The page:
That changed in April, when Labor Commissioner Michael Thurmond announced he would leave the post he had held for more than a decade to challenge Isakson for his Senate seat.
Thurmond is seen as a formidable challenger, one of a few black candidates elected statewide and well-liked among many Georgians. To challenge Isakson, Thurmond will have to win the Democratic primary July 20.
If he defeats Isakson in November, Thurmond would be the first black senator elected in Georgia and the first elected in the South since Reconstruction.
Thurmond's opponent in the primary is Conyers resident R.J. Hadley, who has little name recognition and not much money. Isakson, on the other hand, has more than $6 million for his re-election bid.
Political observers say Isakson is the favorite in November, but if anyone can beat him, they say, it's Thurmond.
"Johnny Isakson is a pretty popular incumbent in a Republican state," said Kennesaw State University political science professor Kerwin Swint. "That's the position you'd want to be in. He did draw a pretty well-qualified opponent. But everything Isakson has going for him is an obstacle for Michael Thurmond."
Isakson is seen by some as vulnerable -- not only because he has drawn strong opposition, but also because his health has become an issue.
He was hospitalized earlier this year for an irregular heartbeat and a blood clot. Doctors detected the irregular heartbeat during an exam after an earlier hospitalization for a bacterial infection.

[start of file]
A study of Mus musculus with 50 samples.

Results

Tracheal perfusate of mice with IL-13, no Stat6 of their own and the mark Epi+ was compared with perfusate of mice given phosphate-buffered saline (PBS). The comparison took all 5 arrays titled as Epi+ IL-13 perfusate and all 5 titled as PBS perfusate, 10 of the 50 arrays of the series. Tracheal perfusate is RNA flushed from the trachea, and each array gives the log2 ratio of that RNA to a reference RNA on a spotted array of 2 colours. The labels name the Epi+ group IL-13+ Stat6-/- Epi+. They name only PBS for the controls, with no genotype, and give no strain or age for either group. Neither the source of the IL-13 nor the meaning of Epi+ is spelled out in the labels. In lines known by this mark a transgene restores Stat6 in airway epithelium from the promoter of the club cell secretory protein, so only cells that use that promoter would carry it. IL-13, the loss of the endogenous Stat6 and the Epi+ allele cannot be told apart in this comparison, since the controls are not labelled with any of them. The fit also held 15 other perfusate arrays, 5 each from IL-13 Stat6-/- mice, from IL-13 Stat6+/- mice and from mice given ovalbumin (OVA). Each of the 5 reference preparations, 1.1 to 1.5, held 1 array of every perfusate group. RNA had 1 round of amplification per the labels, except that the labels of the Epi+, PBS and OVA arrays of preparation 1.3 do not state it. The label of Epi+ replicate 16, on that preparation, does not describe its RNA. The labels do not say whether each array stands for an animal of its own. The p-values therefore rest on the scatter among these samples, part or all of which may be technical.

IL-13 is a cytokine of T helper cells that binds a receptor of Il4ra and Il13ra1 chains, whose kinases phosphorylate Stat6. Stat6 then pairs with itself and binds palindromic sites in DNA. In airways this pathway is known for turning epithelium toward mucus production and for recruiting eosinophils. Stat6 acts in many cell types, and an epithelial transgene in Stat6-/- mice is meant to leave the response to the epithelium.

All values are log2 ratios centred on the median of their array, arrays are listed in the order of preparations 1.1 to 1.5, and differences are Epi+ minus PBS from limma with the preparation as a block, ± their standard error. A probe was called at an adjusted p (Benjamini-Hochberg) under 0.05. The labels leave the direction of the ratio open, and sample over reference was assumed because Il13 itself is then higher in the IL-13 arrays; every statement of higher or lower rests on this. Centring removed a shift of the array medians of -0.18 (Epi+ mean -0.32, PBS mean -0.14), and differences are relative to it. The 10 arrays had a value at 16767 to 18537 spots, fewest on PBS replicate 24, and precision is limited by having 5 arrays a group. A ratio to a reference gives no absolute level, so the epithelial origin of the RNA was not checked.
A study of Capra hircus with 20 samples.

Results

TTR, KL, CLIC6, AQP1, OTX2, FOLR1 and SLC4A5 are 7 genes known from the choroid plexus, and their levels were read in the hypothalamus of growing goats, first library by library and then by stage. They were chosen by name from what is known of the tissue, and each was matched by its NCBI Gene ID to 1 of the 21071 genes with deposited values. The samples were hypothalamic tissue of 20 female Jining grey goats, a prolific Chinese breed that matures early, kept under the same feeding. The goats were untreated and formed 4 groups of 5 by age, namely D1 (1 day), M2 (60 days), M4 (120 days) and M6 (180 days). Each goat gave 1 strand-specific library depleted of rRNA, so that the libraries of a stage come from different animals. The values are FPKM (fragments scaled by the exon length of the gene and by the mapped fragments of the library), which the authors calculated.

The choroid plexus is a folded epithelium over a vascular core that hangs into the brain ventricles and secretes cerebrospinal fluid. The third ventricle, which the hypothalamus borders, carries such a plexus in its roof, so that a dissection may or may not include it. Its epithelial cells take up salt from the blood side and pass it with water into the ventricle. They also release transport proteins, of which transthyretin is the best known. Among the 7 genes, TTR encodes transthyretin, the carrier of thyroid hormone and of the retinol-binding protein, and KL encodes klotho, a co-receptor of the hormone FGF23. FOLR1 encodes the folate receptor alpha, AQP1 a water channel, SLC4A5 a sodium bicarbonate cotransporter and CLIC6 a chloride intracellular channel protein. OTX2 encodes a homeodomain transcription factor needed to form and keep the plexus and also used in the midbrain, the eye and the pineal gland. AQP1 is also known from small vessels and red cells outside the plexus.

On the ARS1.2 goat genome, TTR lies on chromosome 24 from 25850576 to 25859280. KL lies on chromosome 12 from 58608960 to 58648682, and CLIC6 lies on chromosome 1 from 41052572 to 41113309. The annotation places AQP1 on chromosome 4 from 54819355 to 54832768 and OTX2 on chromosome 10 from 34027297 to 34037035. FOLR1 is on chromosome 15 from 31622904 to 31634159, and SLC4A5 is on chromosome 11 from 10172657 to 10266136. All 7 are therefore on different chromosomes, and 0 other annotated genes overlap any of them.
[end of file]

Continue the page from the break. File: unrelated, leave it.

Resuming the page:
Afterward, the 65-year-old claimed a full recovery as he launched into his re-election campaign. Thurmond, 57, maintains Isakson's health did not factor into his decision to run.
Isakson's long career in Georgia politics, during which he built a reputation as a moderate, has made him popular in the state. He sailed into office with nearly 60 percent of the vote in 2004, when Georgians also overwhelmingly helped re-elect George W. Bush to his second term as president.
Thurmond has said the Senate appeals to him because it presents a unique opportunity to bring his expertise as the state's job czar to the economic recovery for Georgia and the nation.
Emory University political science professor Michael Leo Owens said Thurmond's reputation as a cautious politician suggests he sees the seat as winnable or that he might be able to help others in the Democratic Party.
"It might be that he sees himself trying to help Roy Barnes get re-elected as governor," Owens said. "Even if he loses, I think just having the presence of Michael Thurmond, who has a great reputation, on the ballot will turn out a good number of African-Americans. And they'll vote for Barnes."
The black vote is seen as key to this year's elections, though race is not seen as a major factor in the contest. Thurmond has downplayed the issue in previous statewide campaigns. Hadley, his opponent in the primary, also is black.
Hadley, who worked on Barack Obama's presidential campaign in 2008, is hoping Georgia voters are ready for more change.
"I think voters are ready for a new face, a new approach to the challenges that we have in our state," he said. Political observers say Hadley, who spent his childhood in New Jersey and graduated from Dartmouth College, will need to introduce himself to Georgia voters.